Geology rocks. Just ask Becca Mastrola ’24, whose studies into the magnetic properties of meteorites blasted into space billions of years ago are shedding light on the origins of the cosmos.
“I have a passion for understanding where our planet came from, how it came to be over time, and the implications processes on Earth have for other bodies in the universe,” she says. “All of that is so, so interesting.”
The first in her family to attend college, Mastrola is majoring in earth, atmospheric, and planetary sciences. She is one of 18 students supported this past year by the Edward J. Poitras Scholarship, created in 1982 by electrical engineer and inventor Edward J. Poitras ’28. Since its inception, the scholarship fund has benefited more than 200 students.
“Without that scholarship, I wouldn’t be here,” Mastrola says. “MIT is a really collaborative environment, and I have had so much fun working with my peers, meeting new people, and getting to know some of the greatest minds on Earth.
“We’re all going on journeys, maybe in separate directions, but we’re working together, growing together and changing together, just like the surface of Earth.”
Currently, she is studying the magnetic properties of a type of meteorite called primitive achondrites, blasted into space before the formation of our solar system more than four billion years ago.
The magnetic signature of the meteorite, she says, gives clues to the properties of the parent body from which it originated eons ago, and adds to our knowledge of the early processes of the universe.
“When our universe started to expand, we had a bunch of tiny little particles that lumped together,” Mastrola says.
“They smashed into each other and started accreting and growing and growing and became bigger and bigger. They got up to these kilometer-sized objects that kept going and smashing into each other and kept growing and growing.
“I’m working with one particular meteorite right now to figure out how big its parent body got. What actually happened as these materials started getting bigger?”
Mastrola aspires to earn an advanced degree and become a college professor in Earth science. “I am passionate about teaching, and I love breaking people’s misconceptions about geology,” she says. “Some think it’s irrelevant or boring and that all we do is look at rocks. Nothing could be further from the truth.”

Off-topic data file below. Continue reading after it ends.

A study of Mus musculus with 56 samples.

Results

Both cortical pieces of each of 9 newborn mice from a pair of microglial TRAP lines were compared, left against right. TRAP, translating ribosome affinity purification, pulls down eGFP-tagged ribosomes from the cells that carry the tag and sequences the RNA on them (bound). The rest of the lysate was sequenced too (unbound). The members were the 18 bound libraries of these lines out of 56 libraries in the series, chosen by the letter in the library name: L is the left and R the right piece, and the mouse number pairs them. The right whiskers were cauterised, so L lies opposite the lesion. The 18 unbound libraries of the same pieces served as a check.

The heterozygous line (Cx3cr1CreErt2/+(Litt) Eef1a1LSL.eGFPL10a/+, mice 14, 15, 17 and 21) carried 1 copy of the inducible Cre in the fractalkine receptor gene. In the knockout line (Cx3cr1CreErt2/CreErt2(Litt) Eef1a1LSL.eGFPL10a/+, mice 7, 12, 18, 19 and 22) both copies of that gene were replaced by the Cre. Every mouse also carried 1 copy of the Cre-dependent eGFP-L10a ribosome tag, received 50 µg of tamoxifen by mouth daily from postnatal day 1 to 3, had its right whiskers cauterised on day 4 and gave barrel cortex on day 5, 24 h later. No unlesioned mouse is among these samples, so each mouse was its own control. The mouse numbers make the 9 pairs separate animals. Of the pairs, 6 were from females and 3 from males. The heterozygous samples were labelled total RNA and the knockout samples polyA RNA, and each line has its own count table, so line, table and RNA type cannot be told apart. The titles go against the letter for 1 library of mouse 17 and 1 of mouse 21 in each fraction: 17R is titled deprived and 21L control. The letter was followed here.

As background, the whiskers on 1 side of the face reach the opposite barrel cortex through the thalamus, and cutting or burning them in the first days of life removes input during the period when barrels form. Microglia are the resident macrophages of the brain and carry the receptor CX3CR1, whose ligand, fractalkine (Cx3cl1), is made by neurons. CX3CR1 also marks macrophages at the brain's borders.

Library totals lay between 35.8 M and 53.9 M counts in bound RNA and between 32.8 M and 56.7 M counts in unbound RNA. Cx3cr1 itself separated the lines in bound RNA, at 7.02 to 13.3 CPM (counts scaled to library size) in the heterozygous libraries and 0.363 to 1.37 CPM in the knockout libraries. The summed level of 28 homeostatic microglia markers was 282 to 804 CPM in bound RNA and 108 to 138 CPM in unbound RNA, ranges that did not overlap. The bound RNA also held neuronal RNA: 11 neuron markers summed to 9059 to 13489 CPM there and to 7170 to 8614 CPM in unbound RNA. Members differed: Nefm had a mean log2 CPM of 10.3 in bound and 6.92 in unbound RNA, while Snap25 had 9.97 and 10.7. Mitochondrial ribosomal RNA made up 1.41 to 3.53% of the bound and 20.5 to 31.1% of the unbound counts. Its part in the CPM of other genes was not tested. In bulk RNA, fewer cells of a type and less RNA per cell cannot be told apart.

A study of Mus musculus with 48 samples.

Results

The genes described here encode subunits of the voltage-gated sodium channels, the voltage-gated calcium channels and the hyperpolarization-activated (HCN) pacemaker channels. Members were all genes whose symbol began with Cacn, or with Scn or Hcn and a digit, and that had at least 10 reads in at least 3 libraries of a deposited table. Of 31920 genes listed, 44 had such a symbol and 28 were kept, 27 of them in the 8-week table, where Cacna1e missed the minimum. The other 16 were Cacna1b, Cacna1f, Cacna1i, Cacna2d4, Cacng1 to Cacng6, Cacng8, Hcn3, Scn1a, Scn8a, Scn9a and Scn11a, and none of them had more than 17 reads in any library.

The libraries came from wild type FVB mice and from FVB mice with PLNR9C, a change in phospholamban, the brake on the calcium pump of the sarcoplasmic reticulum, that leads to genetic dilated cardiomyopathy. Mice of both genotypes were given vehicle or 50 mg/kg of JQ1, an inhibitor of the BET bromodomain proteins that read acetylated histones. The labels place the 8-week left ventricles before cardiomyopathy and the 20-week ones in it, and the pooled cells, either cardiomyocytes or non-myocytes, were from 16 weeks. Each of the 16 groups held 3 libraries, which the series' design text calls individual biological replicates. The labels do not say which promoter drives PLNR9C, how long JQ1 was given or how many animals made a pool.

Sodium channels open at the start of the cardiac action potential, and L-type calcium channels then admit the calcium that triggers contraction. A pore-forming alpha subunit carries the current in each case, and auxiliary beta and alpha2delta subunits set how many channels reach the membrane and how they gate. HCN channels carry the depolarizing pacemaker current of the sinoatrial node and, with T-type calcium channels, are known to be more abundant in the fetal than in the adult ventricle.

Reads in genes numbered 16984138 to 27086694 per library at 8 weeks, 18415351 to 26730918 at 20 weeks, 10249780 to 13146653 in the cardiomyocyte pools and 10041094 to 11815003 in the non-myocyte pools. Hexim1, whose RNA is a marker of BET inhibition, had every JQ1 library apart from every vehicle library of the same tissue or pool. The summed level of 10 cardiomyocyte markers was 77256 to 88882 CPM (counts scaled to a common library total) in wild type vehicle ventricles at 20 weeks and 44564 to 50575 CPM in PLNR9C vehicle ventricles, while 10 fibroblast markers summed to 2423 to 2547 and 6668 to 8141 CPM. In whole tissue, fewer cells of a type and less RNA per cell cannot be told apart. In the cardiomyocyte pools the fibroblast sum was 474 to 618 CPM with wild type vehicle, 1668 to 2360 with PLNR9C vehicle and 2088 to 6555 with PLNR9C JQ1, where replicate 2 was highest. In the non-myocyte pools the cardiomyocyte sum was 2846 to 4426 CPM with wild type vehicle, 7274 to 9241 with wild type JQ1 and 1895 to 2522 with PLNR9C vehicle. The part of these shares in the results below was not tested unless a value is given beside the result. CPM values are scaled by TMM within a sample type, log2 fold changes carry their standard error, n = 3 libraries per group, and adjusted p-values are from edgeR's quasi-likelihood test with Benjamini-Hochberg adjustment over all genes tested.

For example, she says, geologists add to our understanding of climate change by exploring the history of Earth’s climate that is captured in the geologic record. Oxygen isotopes are a common and useful proxy for paleotemperatures.
“We can figure out what fluctuations in climate are normal, and the time periods over which these fluctuations occurred,” she says. “We can also determine what’s not normal and what’s going on way too quickly. We know there are human impacts on the environment right now because of how rapidly the Earth is warming and levels of carbon dioxide are changing.
“Thanks to the record left behind in rocks, we know what has happened on Earth, and that what’s going on now is not normal,” Mastrola says. “We need to make a change if we are going to have hope for the future of the Earth.
“So many branches of science tie into geology,” she says. “I hope to get other students interested in the field, if not to pursue it as a career then to have an appreciation of Earth and the incredible journey we’ve been on to get here today.”
Last year, she took part in a geologic field expedition in California’s Mojave Desert. “It was one of the most amazing experiences I’ve ever had,” she says. On her bucket list: “I would love to go to the Swiss Alps, and there’s a really well-preserved impact crater in Germany I would love to see,” she says.
“Being a complete rock nerd, I love my rocks,” Mastrola says. “But I think learning about the Earth and how we came to be where we are today is such an important thing to study. I’m so grateful to be able to do just that for the rest of my life.”